Mayors and other local leaders will soon have a new tool to analyse how attractive their cities are to investors.
The “Investable Cities Index” is the latest addition to the World Council on City Data’s work with standardised city metrics for urban performance.
The World Council on City Data (WCCD) announced the new initiative at the Global Cities Summit, a three-day meeting of officials from local and national government, the private sector and academia, taking place im Dubai this week.
The three-year-old council is based at the University of Toronto and has been involved primarily in spearheading a series of global standards by which cities can compare themselves along hundreds of metrics.
“Cities are very interested in being investable. They want to make sure they prosper,” said Patricia McCarney, the council’s president and chief executive.
“Budgets are always tight for cities. They have to figure out how to build a strong, robust city that builds a strong, robust economy.”
The index is in the process of being finalised and should be ready by mid-year. It will incorporate key indicators from the ISO 37120 standard, a global benchmark for how cities perform in term of services and quality of life.
The index will draw upon, for instance, the standard’s metrics around safety, crime rates, air quality, quality of services and governance, with the aim of showing how these affect a company’s ability to do business in a particular city.
Budgets are always tight for cities. They have to figure out how to build a strong, robust city that builds a strong, robust economy.
Patricia McCarney, president and chief executive, World Council on City Data
Mayors and other city leaders gathered here this week emphasised the value of standardised data for a range of aims, including helping officials understand what attracts investors.
The Investable Cities Index could help inform decisions around a city’s weak points and how to compensate for those, said Robert Elbrink, with the Dutch city of Eindhoven.
Cities benefit from having reliable data that allows them to compare themselves to other cities, and to identify strengths and weaknesses in a global setting, said Maurizio Bevilacqua, mayor of Vaughan, Canada.
“If we are low-ranking somewhere compared to the rest of the world or other cities, it’s a wake-up call for us,” he said. “It’s very important to understand where you fit in.”
About five years ago, Bevilacqua recalled, the WCCD’s McCarney pointed out to him that Vaughan was one of the few cities of its size in Canada that did not have a hospital. That understanding informed Vaughan’s recent announcement that it is building a USD 1.8 billion health facility, he said.
What makes a city investable?
For cities to be attractive to investors, they need to fulfil multiple criteria. And while these will inevitably vary by the investor, there are some commonalities in terms of needed information, experts at the Global Cities Summit said. (Citiscope is a media partner of the summit.)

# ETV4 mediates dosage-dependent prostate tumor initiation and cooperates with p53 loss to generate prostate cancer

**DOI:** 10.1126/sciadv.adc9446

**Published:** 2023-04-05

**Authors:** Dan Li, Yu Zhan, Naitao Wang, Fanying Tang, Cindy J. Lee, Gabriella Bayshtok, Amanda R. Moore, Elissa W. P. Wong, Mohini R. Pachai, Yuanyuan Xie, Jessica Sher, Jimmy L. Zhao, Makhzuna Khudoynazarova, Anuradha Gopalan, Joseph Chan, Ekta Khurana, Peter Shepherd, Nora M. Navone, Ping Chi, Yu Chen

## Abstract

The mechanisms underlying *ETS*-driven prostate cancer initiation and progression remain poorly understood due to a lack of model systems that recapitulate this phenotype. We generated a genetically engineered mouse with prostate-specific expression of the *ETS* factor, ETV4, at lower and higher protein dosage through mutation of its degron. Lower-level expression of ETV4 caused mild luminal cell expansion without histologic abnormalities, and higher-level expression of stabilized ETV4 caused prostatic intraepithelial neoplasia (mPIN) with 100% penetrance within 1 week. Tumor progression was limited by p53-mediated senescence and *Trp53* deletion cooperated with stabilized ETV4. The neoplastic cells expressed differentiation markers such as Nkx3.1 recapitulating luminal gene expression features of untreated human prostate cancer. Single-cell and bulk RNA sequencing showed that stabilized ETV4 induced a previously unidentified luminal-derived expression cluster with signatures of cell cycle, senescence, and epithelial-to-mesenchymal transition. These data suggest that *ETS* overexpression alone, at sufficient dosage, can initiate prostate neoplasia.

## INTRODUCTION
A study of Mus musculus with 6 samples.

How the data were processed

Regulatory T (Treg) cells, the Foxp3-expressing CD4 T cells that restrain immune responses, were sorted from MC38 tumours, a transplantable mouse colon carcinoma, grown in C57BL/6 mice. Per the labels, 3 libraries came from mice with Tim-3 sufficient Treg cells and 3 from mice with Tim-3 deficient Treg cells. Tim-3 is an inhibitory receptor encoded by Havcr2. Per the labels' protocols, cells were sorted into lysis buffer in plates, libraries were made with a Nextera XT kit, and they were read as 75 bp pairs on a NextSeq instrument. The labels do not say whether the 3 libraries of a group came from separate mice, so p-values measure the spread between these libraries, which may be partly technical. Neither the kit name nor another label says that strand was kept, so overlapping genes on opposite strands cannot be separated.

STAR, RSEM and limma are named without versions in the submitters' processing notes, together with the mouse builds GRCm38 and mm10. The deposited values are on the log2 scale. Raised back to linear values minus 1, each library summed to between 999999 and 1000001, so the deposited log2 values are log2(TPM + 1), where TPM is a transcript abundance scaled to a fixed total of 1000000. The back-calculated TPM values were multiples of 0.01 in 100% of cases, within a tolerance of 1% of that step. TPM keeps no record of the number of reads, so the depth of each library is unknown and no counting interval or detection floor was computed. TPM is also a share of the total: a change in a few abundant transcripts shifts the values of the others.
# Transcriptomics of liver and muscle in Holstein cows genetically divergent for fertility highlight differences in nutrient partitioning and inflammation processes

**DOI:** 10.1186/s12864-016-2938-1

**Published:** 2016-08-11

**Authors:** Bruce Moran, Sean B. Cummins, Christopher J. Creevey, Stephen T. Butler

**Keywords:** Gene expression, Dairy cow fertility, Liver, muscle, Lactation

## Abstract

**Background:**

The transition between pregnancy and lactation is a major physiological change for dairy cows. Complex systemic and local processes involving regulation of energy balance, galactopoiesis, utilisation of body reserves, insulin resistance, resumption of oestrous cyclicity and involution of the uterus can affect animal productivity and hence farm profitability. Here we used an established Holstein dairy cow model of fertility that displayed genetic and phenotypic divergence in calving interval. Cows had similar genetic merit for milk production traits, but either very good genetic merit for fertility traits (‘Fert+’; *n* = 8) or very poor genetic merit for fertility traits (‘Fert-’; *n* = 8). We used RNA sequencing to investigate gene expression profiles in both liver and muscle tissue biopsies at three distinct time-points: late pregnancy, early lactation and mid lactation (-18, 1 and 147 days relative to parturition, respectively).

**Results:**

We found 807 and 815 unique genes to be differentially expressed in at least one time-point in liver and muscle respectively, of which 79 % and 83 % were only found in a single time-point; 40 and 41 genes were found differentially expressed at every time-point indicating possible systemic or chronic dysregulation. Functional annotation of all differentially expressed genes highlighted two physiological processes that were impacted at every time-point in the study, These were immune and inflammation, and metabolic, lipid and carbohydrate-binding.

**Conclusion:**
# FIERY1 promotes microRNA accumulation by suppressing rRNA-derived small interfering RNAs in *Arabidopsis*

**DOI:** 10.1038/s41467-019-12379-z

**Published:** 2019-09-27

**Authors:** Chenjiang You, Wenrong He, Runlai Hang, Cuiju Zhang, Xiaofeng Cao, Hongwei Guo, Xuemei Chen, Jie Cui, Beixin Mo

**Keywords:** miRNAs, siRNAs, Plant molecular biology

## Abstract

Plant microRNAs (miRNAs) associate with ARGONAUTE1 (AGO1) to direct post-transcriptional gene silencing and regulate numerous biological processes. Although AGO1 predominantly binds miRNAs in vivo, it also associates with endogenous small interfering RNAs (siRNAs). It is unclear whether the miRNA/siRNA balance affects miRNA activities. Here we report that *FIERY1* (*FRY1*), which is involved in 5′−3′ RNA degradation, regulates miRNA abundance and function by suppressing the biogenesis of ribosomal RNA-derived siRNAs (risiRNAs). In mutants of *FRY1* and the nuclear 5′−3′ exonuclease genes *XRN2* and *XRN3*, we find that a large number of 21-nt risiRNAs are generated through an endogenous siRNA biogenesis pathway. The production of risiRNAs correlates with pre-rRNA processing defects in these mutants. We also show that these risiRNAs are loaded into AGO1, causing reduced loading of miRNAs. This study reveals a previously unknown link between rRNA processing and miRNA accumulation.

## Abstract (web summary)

All investors, for instance, are interested in a city’s strong talent base, its ability to create an ecosystem of complementary industries, and government support that makes it easier to do business, said Sunil Bhaskaran, chairman of Jusco, a subsidiary of Tata Steel that provides municipal services to the city of Jamshedpur in India.
But they’re also keenly focused on a city’s liveability and good urban development, he noted.
An investable city is a “city of opportunities” — one that has a clear understanding of its strengths and is “not trying to be everything to everybody,” said Hazem Galal, global leader for cities and local government at the international consultancy PwC.
When looking to invest, large multinational corporations seek out cities that have invested in infrastructure, said Birgit Kredel, corporate vice president of Siemens.
For example, in December 2016, Siemens opened a new factory to manufacture wind turbine blades in the city of Hull in the United Kingdom, an investment of roughly USD 380 million.
The city was attractive to the multinational company because local leaders already had invested in basic infrastructure, such as upgrading Hull’s port and broadband capacity, Kredel said. The city also had a skilled local workforce that Siemens could draw on.
City leaders looking to capitalise on the potential of reliable urban data to inform their investment opportunities also need to think about the crucial step of data analysis, said Kredel. They need to start with “use cases”, identifying crucial issues and problems — for instance, air quality, she said. Then they need to take the right data, combine it smartly and analyse it to find problems.
Supporters say the new index should help city officials prioritise that kind of information.
“That’s exactly what cities want to know,” WCCD’s McCarney said in an interview. “A lot of investment-driven, ‘competitive city’ analytics — they’re very interested in the financials, which is a great starting point.
But we also know that this data is … also really important for investment. Clean air, safe cities and high education degrees — all of those things that we measure are really about investible cities, as well.”
This story was published with permission from Citiscope, a nonprofit news outlet that covers innovations in cities around the world. More at Citiscope.org.